Here’s the lowdown on what you can expect if you remove teeth brushing from your daily personal care.
Kiss kissing good-bye
Let’s start with the most obvious. That lovely minty taste to toothpaste and those bouncy bristles on toothbrushes remove all the things you don’t want to share when you share mouths. You might not notice you have bad breath or a piece of spinach stuck in between your teeth, but your romantic interest certainly does.
When we say hi to friends, loved ones and even new acquaintances, we typically smile. If you stop brushing your teeth, those greetings will be a little less bright right away. Over time, thanks to the lingering tartar and plaque, your teeth will appear more yellow—and you might be scared to say hi.
We’re not talking about the complimentary whistling at you. We’re talking about the whistling coming from you. That’s right, eventually the lack of brushing your teeth will result in losing your teeth. The good news is, you’ll probably whistle more loudly whether you want to or not. The bad news is, no one really appreciated your whistling at them in the first place. Try just complimenting someone with nice words, instead.
Bet on diabetes
Removing the task of brushing from your life could do more than remove a tooth or two. It could bring ailments, too. When bacteria is not removed from the mouth it eventually gets into your blood system. Your body can fight off some bacteria, but your body needs you to have its back—aka good hygiene. When bacteria overwhelms the circulatory system, conditions such as diabetes, heart disease and bronchitis can develop. If the bacteria gets to the brain, your chances for a stroke go up. Some studies have even shown a link between poor oral hygiene and dementia.
Dental to mental
When your social and romantic life is challenged by bad dental hygiene and your physical health starts to deteriorate, you run the risk of chronic depression and/or anxiety. What we’re saying is that what may start as a dental health problem could easily become a mental health problem.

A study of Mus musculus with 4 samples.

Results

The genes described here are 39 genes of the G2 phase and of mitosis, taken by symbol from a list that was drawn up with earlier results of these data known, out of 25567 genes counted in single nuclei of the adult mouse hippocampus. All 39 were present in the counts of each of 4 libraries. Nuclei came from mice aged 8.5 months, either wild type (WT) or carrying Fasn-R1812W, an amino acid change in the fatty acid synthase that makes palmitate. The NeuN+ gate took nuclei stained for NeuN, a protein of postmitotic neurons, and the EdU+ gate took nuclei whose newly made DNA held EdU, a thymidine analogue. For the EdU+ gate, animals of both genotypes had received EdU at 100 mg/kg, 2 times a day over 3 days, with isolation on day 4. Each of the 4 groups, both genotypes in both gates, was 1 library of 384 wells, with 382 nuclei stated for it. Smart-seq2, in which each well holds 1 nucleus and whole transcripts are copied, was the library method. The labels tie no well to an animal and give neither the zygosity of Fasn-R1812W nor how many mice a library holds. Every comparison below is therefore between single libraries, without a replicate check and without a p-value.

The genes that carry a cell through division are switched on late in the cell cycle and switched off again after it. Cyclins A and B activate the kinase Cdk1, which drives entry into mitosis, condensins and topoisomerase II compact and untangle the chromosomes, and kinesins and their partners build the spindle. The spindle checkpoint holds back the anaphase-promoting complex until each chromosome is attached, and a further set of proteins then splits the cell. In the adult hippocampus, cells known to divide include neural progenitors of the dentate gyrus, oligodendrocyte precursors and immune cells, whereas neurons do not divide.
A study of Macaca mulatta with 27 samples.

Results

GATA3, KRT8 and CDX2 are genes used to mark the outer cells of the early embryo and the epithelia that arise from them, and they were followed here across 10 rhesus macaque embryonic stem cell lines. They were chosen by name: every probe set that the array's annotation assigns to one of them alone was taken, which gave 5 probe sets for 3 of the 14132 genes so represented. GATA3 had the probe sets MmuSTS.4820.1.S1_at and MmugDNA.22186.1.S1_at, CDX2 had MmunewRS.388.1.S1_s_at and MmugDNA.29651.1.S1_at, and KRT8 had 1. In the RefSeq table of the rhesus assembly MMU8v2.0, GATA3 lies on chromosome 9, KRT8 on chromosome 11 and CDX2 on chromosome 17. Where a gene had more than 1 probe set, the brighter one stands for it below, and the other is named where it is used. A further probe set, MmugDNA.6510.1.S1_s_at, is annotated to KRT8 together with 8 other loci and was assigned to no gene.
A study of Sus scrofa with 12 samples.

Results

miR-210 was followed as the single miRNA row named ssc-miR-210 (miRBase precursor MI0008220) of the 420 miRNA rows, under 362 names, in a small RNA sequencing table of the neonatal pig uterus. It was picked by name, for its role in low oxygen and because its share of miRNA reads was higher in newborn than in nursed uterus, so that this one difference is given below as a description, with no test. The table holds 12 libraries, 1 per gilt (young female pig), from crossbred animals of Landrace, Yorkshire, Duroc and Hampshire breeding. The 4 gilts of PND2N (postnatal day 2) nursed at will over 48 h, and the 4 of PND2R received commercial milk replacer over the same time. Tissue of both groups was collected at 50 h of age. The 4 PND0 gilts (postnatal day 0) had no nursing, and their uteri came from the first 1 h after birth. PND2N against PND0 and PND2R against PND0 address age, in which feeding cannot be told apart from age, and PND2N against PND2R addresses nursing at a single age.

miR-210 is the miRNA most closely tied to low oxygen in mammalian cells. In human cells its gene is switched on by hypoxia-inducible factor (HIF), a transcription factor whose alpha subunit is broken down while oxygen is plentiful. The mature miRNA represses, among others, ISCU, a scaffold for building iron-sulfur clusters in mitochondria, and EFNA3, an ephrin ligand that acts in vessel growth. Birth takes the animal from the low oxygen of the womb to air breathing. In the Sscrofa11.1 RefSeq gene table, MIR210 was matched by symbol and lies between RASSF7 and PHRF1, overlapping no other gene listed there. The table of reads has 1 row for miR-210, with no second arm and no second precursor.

Sexually transmitted disease
Imagine for a moment that someone actually did want to kiss you, or more. Your bacteria-filled mouth—specifically, the pockets in your gums—act as holding tanks for substances like HPV. Oral sex therefore is foreplay, to things like cervical cancer.
On the bright side
Hopefully the prospects for dental damage we listed above awaken a desire for appropriate self care. Here are some tips to make your dental care challenges a little less challenging.
Breaking habits not teeth
Bad habits are hard to break, especially when that self care needs to happen in the rush of a morning or at the end of a long day. So, reverse engineer the situation. For example, brush your teeth when you typically have more time and energy. Consider carrying along some floss and a toothbrush to work or school. Since two brushings a day are your goal, you’ll be one step ahead. You’ll also be establishing a habit—a good one—and those ones are hard to break too.
Find another solution
Nothing can take the place of flossing and brushing regularly. However, somewhere between flossing/brushing and doing nothing is another solution—literally. We recommend keeping a mouthwash on the counter of your bathroom sink. If time or energy is the issue keeping you from regular dental care, rinse your mouth with a reputable mouthwash when you wake up and when you go to bed. It will reduce the bacteria buildup to a degree.
Psychologists have long known about something called the sunk-cost effect. People feel compelled to use products they’ve paid for to avoid feeling they’ve wasted their money. In fact, people will even report enjoying one thing more than another when they believe they’d paid more for it. In other words, spoil yourself with the best toothpaste, the coolest water pick, the finest electric toothbrush or the best dental care you can find (Hint: We’re talking about us !). All this just might cause the effect of healthy habits and teeth.